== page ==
After adding four draft picks to the front seven, it seems unlikely that it will be addressed further in free agency. This group has been intriguing since the front seven’s struggles were such a major part of the Redskins defensive problems last year, and yet very late in the season (too late to do any good) some of the bench depth gave indications that they could play much more effectively than the starters we’d been seeing much of the year. So with that in mind let’s take a look at how the new arrivals may be integrated in with the holdovers and talk a little depth chart.
I am rather doubtful that Jarvis Jenkins will start immediately; for a couple of different reasons. First of all, I was very, very happy with Vonnie’s play at the end of 2010, when he finally got the bulk of the playing time at RDE. So the prospect of him holding that starting job for a year doesn’t bother me. And given that Jenkins will be learning a new position (or two if he splits time between end and tackle) and there are questions about his upper body strength, it’s logical to think it will take him awhile to earn significant playing time. But Vonnie is 35, and at a position that it’s nice to rotate anyway. If I had to guess, I would figure that Vonnie would get the overwhelming majority of the snaps to start the year but gradually a time share would develop in which Jenkins stuffs the run and Vonnie comes in for passing downs.
And for further security in the event of a slow-developing Jenkins, we know that the coaches love Jeremy Jarmon, despite the fact that he has gotten very little playing time yet in the 3-4 due to injuries. I would expect to see Jarmon on the field a lot, probably at both end positions. As you know if you read regularly I am a pretty big Adam Carriker fan and think is solid performance last year was generally underappreciated, but while he often controls or beats his man he usually lacks the speed and athleticism to chase down a quarterback in the backfield. The Redskins may start giving Jarmon more snaps at times when they want a more aggressive defense. And 2011 may well be a competition year between Jarmon and Jenkins to see who succeeds Vonnie as the starter in 2012.
So if we’re looking at a rotation of Holliday, Carriker, Jarmon, and Jenkins, what does that mean for Philip Daniels? Unless Jenkins is a complete flop as a rookie, then Daniels at this point in his career is probably the fifth best end on the team (in this system at least – he really should be in a 4-3). It helps him that he can still contribute on special teams, but in general if you’re going to keep a guy for special teams and extreme depth you don’t want him to be a 38 year old. The Redskins may well want some experience on the bench since both Jenkins and Jarmon are pretty raw, but I think Daniels’ 2011 roster status is far from guaranteed.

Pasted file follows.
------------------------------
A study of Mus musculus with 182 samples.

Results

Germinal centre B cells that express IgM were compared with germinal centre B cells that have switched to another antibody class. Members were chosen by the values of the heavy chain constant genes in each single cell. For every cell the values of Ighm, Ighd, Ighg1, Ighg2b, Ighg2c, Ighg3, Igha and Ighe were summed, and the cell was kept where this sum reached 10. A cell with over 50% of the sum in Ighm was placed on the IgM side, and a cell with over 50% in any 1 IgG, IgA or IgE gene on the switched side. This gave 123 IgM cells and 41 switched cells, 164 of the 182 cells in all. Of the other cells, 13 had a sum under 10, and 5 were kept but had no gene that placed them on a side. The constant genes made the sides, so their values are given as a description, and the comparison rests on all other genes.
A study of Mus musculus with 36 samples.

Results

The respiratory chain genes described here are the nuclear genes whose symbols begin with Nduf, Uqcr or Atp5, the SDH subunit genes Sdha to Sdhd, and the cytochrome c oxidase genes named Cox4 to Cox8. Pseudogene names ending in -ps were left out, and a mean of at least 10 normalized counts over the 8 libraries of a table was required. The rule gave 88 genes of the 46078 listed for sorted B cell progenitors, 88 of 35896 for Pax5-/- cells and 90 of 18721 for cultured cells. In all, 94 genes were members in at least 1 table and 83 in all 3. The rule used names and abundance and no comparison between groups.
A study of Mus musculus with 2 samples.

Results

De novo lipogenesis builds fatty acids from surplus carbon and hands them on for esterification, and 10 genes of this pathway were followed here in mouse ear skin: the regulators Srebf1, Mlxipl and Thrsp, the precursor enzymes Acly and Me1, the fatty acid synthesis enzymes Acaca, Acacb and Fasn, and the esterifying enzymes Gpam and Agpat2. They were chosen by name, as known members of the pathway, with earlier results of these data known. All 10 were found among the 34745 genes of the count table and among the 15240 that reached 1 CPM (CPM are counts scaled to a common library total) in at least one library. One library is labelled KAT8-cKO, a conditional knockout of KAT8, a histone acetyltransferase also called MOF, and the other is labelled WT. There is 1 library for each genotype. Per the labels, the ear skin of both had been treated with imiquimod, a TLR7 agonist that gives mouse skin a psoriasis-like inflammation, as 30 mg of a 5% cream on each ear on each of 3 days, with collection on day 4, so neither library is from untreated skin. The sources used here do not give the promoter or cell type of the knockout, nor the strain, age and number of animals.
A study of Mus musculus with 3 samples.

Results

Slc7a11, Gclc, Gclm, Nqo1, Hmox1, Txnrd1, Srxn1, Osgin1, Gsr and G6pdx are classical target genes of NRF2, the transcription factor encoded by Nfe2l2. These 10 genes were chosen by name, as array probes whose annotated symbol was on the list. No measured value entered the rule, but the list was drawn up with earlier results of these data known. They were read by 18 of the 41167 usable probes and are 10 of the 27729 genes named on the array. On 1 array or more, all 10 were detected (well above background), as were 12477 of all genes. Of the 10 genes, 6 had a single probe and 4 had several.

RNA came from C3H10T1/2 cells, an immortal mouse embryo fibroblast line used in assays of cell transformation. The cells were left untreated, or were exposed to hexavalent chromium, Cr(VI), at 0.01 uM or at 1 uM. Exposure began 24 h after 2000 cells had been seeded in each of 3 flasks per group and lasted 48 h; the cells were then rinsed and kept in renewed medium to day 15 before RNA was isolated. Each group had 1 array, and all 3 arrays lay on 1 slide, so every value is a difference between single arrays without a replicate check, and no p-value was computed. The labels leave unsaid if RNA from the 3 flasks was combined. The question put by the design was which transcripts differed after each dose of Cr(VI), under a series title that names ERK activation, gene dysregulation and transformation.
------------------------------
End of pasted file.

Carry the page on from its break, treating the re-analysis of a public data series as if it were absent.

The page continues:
At nose tackle, we have to assume Anthony Bryant is the starter, even though we only got to see him play at the tail end of the season. The real wildcard here is Ma’ake Kemoeatu. His performance last year was irredeemably terrible, but of course he was recovering from a torn Achilles in ’09 and had a hurt shoulder for most of 2010. If he’s anywhere near as bad as he looked, then it seems an easy matter for 7th round pick Chris Neild to make the team and step into the backup role. If Jenkins does in fact spend meaningful time at tackle, then things get even more crowded. It would appear that Ma’ake and Nield could be competing for one roster spot, with the outcome decided by the degree of Ma’ake’s improvement following a return to health.
Obviously Orakpo has a solid hold on the ROLB job, but I think LOLB is completely up in the air. It wouldn’t surprise me to see any one of Lorenzo Alexander, Rob Jackson, or Ryan Kerrigan get the LOLB start in Week 1. Kerrigan will almost certainly be the starter by the end of the year, especially given all we’ve heard about his work ethic and professionalism and what-not, but it still will take him some time to adjust from playing in a three point stance to standing and playing in space. And even if he learns quickly it wouldn’t surprise me to see Mike Shanahan and Jim Haslett go with a veteran at first and leave it to Kerrigan to push the guy out of the job, just because that seems like the sort of thing Shanahan and Haslett would do.
Lorenzo Alexander is a particular mystery. He could be the primary starter at LOLB, or he could be the fifth OLB on the depth chart, or anywhere in between. He did struggle in many aspects of the position last year, but of course being Lorenzo Alexander he performed far better than anyone would have the right to expect given how different it was from anything he had been asked to do before. And who knows, with a year of experience under his belt maybe he’ll improve significantly.
But what if he doesn’t? He will definitely be on the team – there’s a reason the coaches gave him a three year contract while they were busy cutting or tendering many of his teammates in the last offseason. And he will obviously continue to be a special teams ace, because that’s his thing. His history of versatility creates options, but now that there seems to be pretty good depth at end he probably isn’t needed there.
If they need to find something for Alexander to do, the coaches may consider inside linebacker. Rocky McIntosh just isn’t right for this defense, and as a free agent he is very unlikely to be back. Perry Riley was drafted to take an ILB job next to London Fletcher, but if he’s not ready we have a problem and even if he is depth will be needed. I happen to have a lot of confidence on H.B. Blades, who has always played well when called upon (especially against the run). But unless 2010 free agency rules are imposed, he will be an unrestricted free agent. I want him back, but if that doesn’t happen Alexander may be a solid fallback option.